I do not Understand

Because our inner child cannot see how callous adults are

To be human is to tangle with confusion.

Who isn’t frequently befuddled by their surroundings or taken aback by the hard-heartedness of others? And when this becomes the recurring pattern in our interactions with them, what are we supposed to make of it? Why does it keep happening even as we behave like capable, reasonable, and compassionate adults?

The answer came to me unbidden and forced me to face the part of me that never gets to speak, the part I keep tucked away because it is so fragile. My inner child is unfit for this world, her love reflexive, generous, and candid; it’s a puppy who stands by your side no matter how many times you kick her.

Letting my inner child come out to play is the most dangerous thing I can do so she spends her days locked up in my head, agog over life but aghast at how I live.

How little regard I seem to have for my own well-being is something that shocks people sometimes, unless it serves their interests. Exhaustion is something I am often urged to address by the very same people who avail themselves of my professional skills for free. They even have the gumption to make demands while telling me to take on more work, something I’ve been doing for months to add extra income streams.

My inner child routinely foils continuing attempts to pull myself out of illness and hardship. She’s so thrilled with the opportunity to join in and share love that survival becomes an afterthought.

The adult I am doesn’t have the heart to deny her this joy even though the price to pay is getting ever steeper in emotional terms.

To be human is to love without conditions.

If I credit vocation with saving my life and helping me rebuild a life word by word, it is also directly responsible for my failure to protect myself.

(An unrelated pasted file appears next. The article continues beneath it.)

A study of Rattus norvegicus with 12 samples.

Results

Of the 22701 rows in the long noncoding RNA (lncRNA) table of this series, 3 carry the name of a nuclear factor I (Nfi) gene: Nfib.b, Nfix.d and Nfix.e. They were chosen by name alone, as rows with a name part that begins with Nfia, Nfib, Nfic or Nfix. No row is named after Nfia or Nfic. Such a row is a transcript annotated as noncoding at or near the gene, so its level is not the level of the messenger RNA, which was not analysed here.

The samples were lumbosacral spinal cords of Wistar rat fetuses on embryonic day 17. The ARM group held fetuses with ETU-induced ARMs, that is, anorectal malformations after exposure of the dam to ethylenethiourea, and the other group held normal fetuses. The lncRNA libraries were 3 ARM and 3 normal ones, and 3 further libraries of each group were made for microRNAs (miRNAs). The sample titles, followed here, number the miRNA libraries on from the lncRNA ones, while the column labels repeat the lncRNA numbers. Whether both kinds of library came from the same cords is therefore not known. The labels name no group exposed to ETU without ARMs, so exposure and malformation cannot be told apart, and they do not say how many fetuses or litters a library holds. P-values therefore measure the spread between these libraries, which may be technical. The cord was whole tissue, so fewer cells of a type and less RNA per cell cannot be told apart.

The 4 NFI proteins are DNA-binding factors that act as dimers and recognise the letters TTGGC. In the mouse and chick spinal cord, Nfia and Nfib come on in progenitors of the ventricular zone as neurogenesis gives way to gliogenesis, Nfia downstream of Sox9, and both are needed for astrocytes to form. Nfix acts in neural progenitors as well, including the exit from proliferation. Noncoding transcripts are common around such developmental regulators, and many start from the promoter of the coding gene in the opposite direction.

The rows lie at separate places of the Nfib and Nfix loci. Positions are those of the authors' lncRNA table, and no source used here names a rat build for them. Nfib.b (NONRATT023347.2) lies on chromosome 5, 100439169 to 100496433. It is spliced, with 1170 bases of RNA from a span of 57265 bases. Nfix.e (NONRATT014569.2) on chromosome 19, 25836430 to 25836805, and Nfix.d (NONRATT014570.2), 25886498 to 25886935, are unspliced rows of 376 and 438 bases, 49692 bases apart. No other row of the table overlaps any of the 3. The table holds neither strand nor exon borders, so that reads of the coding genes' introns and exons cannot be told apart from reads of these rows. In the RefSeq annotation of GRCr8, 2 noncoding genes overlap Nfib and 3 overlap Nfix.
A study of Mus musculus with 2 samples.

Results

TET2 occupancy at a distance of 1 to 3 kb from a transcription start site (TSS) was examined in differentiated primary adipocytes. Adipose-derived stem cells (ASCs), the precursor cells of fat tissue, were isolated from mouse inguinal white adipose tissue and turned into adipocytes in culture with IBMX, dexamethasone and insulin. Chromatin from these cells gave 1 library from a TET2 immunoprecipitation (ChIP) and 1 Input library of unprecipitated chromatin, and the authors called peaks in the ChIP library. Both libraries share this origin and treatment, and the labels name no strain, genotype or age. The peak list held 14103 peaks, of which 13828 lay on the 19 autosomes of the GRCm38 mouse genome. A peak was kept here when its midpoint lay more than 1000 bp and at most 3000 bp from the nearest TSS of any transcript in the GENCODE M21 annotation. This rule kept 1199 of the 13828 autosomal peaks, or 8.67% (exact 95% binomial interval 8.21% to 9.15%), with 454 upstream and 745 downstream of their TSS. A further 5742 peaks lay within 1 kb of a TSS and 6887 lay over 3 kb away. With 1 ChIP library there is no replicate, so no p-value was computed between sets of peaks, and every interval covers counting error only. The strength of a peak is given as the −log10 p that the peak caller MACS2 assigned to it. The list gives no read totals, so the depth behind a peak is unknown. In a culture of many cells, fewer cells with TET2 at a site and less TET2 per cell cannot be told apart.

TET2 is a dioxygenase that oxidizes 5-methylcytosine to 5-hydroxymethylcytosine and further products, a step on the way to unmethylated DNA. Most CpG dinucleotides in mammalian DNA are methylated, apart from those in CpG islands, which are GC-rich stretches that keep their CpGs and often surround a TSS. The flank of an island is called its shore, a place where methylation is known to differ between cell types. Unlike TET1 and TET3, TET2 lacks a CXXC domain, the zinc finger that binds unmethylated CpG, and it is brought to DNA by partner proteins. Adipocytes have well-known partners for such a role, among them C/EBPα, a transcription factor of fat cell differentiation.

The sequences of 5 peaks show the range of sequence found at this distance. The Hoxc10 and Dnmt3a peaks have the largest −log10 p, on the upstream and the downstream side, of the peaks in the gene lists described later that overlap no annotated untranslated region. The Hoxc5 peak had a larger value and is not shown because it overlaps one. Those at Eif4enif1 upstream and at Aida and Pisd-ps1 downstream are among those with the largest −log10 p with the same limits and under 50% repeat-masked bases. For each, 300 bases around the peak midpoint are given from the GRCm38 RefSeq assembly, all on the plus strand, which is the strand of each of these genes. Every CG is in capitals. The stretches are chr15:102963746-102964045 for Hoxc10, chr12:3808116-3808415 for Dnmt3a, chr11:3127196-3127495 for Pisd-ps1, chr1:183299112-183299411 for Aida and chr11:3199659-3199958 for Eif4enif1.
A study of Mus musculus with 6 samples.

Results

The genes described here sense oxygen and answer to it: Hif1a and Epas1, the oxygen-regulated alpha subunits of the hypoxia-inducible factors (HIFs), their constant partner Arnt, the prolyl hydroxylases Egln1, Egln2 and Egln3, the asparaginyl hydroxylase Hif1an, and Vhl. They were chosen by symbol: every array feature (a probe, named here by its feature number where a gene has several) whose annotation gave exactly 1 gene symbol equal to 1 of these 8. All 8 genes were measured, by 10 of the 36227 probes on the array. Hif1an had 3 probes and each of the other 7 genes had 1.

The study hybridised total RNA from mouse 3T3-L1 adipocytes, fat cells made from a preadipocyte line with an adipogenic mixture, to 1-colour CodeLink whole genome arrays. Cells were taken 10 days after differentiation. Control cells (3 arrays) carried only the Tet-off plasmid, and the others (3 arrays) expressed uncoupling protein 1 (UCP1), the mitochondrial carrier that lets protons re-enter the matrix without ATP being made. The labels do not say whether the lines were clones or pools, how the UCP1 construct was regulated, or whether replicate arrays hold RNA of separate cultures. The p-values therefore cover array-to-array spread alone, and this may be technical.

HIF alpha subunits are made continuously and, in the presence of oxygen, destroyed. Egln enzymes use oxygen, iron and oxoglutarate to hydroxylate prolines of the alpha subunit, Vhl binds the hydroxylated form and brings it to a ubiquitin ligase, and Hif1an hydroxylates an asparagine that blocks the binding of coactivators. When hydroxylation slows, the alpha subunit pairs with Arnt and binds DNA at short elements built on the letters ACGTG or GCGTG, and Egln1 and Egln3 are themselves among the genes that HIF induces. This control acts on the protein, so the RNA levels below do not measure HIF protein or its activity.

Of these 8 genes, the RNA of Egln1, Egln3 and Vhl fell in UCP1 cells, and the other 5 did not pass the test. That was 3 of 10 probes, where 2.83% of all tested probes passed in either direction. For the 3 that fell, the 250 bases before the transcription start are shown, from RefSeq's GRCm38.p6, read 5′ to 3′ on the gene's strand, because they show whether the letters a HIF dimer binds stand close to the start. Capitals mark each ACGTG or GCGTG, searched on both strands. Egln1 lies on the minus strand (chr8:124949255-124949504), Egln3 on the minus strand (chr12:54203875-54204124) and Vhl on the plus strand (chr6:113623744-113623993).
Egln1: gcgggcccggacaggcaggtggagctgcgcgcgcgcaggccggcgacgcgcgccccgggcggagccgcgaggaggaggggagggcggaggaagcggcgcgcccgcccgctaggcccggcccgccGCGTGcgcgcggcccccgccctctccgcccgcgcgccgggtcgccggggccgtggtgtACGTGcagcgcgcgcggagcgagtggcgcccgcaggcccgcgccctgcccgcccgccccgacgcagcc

That poor people can’t afford to work for free would be self-evident if our society were less geared toward individualism but it is not. Instead, we go on endless ego trips and expect others to host our dreams without second thoughts for what sacrifices it might entail on their part.

Love becomes something we take instead of something we give. And the more we take, the bolder we become, eager to see just how far this gift of love might go before it runs out or turns into something else.

Like self-destruction.

Love that has been weaponized becomes live ammo as it begins to cannibalize its host for survival. Watching a human being plead and prostrate themselves and beg for love isn’t just a form of torture; it is a compelling spectacle for those staging it.

Knowing someone is so devoted to you they will always have your back until you push them away is a form of power and those who sense they have it invariably get curious. You want to know how it works so you try it and soon you develop a taste for inflicting pain, humiliation, and distress on a fellow human.

Not everyone will cross that line and give in to their darkest impulses but some will because they can.

To be human is to be self-aware.

What few pause to consider is that the person being taken advantage of may be fully cognizant of the fact and even consent. Especially if the only love they’ve ever known is the unattainable kind, the kind you have to jump through hoops to deserve.

This is all my inner child knows and this is what she keeps settling for; I desperately want to keep her safe but I don’t know how. For all the self-inquiry I put myself through to try and prevent chronic depression from spiriting me away again, I do not understand.

I do not understand how anyone could be so callous toward a fellow human even though I live in the real world and am no stranger to horror. What reason reveals is something the heart refutes every time; my daily reality is a tug-of-war between heart and mind and my inner child is the rope.

But the rope is fraying; I watch my inner child relinquish her grip on hope a little more every day, her hands raw from holding on for dear life for so long.

I do not understand; all I know is that I could never leave her behind.

I’m a French-American writer, journalist, and editor living out of a suitcase in transit between North America and Europe. To continue the conversation, follow the bird. For email and everything else, deets in bio.